A chronicle of John Lennon's first years, focused mainly in his adolescence and his relationship with his stern aunt Mimi, who raised him, and his absentee mother Julia, who re-entered his life at a crucial moment in his young life.
Kristin Scott Thomas,
In 1975, San Fernando Valley teen Joan Larkin reinvents herself as Joan Jett, a guitarist who wants to form an all-girl punk band. She pitches the idea to a sleazy manager, Kim Fowley, who pairs her with a drummer and then searches for a face: he finds Cherie Currie, at 15 the perfect jailbait image for his purpose; by luck, she can sing. Two others round out the band, "The Runaways." Fowley books a tour, signs them to Mercury Records, and packs them off to crowds in Japan. Seeds of conflict sprout early: Fowley puts Cherie front and center in the publicity, she's soon strung out on pills and vodka, and jealousies arise. Without adult supervision, where can Joan and Cherie end up? Written by
Originally Scout Taylor-Compton had auditioned for the role of Joan Jett. In order to prepare for this role, Scout began to try and learn some of the Runaways songs on guitar. Then, she ended up trying out for Sandy West because she already knew how to play drums. Then, they wanted her to try for the role of Robin, so she had to try and learn how to play the bass guitar until finally, they ended up giving her the role of Lita Ford, where then she ended up having to learn how to play the guitar. See more »
Cherie somehow makes long-distance call from courtesy phone on wall near motel pool; in reality, budget motels of that era never had free public phones that would allow customers or anyone who wandered onto property to place phone calls, even if they were collect. See more »
Inappropriate and in your face. The way any movie about The Runaways should be.
"You hear that? That's the sound of hormones raging."
The Runaways is at the opposite end of the spectrum from most recent music biopics. Where movies like Ray and Walk the Line aim for emotional resonance and creating a connection between an iconic figure and the audience, The Runaways is about style, dramatics, and looking good. Which is pretty in line with what the band was about. The sobriety of those movies I previously mentioned wouldn't have worked for such a hyper- kinetic story as this one. Sure, the movie slows down a bit when the crash and burn sets in, but the focus on style, sound and imagery is never really replaced by anything else. And I mean that as a compliment.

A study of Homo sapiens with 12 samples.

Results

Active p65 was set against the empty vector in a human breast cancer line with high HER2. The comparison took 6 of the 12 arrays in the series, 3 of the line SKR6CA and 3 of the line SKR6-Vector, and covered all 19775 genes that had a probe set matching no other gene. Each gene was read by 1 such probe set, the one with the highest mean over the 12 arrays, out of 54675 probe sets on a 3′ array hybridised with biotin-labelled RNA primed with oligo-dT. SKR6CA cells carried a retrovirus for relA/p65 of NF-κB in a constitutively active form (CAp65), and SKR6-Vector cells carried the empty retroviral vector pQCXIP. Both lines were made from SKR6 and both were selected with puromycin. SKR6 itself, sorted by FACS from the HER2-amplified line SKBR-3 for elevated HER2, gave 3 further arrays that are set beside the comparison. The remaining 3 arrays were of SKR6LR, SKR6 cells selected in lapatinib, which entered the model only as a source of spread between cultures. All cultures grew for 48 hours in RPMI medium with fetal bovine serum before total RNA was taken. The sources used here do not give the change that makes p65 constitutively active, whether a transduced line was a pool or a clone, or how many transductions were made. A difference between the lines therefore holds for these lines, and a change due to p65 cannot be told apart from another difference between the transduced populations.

Michael Shannon didn't really work for me as Kim Fowley, but the movie wasn't really about him, anyway. The five girls playing the group seemed to have an inappropriate amount of fun with their roles, and who wouldn't? You can't help but be impressed by their performances, they play and act like a real band. But no doubt about it, this is Kristin Stewart's (Joan Jett) and and Dakota Fanning's (Cherie Currie) show. They don't let you forget it. Not many actresses their age would have the talent and the balls to take something like this on. They do it, and do it right. I left the movie with a healthy amount of respect for both of them.
The entire movie plays out like a music video about all the things you would be mortified of seeing your teenage daughter doing, but of course, would make her cool to do. Which makes sense, as the director (Floria Sigismondi) is best known for directing music videos. The cinematography gleefully sells the same excess, ego, and intoxication that the Runaways' image did. All the band's songs that are woven throughout the movie keep it moving at a super-charged pace.
You have to tailor the tone of a film to its subject matter, in order for it to be successful. The Runaways is the true(ish), female version of sex, drugs, and rock & roll, and I couldn't help but really enjoy every bawdy and inappropriate minute of it. Get in a Runaways frame of mind, or don't even bother with this one.